Background: Glycemic variability is a possible risk factor for development of complications from diabetes. Numerous methods have been used to characterize glycemic variability.
Methods: We propose several new methods to characterize glycemic variability. We evaluated these methods empirically and theoretically and compared them with previous methods.
Results: We describe (1) extension and generalization of the mean amplitude of glycemic excursion (MAGE), i.e., "within day variability," (2) extension and generalization of the mean of daily differences (MODD), i.e., the "between day-within time points variability," (3) "between daily means variability," (4) "between time points variability" of the glucose profile averaged over several days, (5) "within series variability" for a time segment of any arbitrary length, (6) new measures of the stability of the daily glycemic patterns, (7) new types of graphical displays, including within day variability, between day-within time points variability, and between daily means variability versus total variability, and between daily means variability versus within day variability, and (8) new methods to evaluate whether within series and between day-within time points variability fluctuate systematically by time of day. We examined the new measures in relation to previous measures of glycemic variability using correlation analysis on a clinical dataset for 85 subjects. MAGE, MODD, and continuous overall net glycemic action (CONGA(n)) are directly proportional to total standard deviation (SD). MAGE is highly correlated with both total SD and within day variability but weakly correlated with measures of between day variability. MODD is highly correlated with between day-within time points variability and total SD but weakly correlated with measures of within day variability.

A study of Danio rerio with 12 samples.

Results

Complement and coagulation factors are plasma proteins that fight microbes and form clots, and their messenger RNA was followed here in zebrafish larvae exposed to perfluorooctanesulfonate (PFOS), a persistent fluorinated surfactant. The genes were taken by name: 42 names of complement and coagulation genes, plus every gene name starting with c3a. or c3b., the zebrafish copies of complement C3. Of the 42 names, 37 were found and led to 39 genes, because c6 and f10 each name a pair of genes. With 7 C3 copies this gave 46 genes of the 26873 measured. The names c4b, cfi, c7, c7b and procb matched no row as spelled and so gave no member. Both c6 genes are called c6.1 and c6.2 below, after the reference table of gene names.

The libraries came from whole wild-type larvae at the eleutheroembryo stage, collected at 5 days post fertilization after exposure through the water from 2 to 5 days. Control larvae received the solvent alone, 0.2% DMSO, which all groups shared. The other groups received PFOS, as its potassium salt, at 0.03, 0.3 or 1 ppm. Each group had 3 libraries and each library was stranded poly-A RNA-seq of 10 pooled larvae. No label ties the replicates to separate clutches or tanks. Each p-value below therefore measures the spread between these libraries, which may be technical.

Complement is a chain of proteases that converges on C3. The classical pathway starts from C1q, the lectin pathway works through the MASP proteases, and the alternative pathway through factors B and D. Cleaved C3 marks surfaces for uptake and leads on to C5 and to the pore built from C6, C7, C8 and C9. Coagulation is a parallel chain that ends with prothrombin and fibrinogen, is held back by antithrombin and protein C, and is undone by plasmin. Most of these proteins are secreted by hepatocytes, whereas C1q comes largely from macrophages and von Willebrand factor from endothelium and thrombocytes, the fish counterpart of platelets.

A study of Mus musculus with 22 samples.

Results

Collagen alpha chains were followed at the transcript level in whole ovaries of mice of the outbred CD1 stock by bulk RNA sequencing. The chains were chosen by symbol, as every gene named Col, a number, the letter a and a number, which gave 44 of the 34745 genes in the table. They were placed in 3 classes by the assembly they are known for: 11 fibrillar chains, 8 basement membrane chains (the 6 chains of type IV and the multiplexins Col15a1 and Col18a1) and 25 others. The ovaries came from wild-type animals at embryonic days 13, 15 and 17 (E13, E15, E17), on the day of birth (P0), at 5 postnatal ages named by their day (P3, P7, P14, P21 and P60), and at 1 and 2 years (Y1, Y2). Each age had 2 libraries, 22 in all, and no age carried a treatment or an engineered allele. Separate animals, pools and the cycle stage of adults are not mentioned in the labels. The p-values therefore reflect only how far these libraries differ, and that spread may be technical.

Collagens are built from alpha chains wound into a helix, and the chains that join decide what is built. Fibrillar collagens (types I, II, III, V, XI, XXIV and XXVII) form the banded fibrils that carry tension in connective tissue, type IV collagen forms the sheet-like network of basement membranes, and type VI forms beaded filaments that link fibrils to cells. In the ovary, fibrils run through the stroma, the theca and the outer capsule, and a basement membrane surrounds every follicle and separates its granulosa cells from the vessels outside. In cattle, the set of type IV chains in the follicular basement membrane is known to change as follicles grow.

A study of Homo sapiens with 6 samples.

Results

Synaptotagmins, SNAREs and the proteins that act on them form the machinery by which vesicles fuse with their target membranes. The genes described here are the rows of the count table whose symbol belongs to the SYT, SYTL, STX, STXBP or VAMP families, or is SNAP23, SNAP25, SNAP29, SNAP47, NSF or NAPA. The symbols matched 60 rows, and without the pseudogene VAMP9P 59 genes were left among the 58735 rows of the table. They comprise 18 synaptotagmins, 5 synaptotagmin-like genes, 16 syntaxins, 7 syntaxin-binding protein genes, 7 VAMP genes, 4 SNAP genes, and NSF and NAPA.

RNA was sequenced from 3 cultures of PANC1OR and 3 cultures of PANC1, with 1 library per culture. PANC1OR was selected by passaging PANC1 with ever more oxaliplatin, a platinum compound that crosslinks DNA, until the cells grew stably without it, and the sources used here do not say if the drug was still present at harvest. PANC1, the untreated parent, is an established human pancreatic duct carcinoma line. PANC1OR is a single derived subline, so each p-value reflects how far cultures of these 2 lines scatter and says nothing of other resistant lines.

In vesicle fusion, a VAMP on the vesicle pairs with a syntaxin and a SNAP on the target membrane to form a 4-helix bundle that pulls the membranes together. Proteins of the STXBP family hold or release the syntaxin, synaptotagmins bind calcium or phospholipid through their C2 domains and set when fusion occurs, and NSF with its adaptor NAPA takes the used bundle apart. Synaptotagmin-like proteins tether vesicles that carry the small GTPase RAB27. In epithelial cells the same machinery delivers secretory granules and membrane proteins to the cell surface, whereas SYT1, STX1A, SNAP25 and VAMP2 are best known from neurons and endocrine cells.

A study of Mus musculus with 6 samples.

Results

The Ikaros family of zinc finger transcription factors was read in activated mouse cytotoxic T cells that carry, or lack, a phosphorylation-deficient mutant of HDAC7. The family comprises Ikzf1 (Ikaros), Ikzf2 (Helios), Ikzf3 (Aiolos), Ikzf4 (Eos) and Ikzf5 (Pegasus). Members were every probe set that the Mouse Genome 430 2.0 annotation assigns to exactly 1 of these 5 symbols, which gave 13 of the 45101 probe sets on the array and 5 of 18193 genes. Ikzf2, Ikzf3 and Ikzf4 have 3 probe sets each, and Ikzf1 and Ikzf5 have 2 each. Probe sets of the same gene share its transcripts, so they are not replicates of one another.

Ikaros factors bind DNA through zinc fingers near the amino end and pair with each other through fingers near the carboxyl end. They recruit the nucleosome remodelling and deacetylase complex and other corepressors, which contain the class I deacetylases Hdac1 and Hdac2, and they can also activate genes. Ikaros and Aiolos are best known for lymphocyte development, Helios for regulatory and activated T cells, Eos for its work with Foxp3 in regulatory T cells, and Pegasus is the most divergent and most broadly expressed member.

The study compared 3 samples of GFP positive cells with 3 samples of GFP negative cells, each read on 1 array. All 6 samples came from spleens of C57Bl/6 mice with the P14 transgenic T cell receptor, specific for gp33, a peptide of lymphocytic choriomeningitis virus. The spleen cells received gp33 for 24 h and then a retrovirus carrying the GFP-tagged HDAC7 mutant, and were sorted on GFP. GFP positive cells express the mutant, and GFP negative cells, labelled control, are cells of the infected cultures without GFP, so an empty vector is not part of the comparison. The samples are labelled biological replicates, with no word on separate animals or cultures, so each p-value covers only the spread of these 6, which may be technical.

Conclusions: We provide a systematic, logical framework to characterize multiple aspects of glycemic variability and have implemented a simple, practical computing format. This approach can help clinical researchers and clinicians identify the major sources of variability for any given patient and monitor responses to interventions.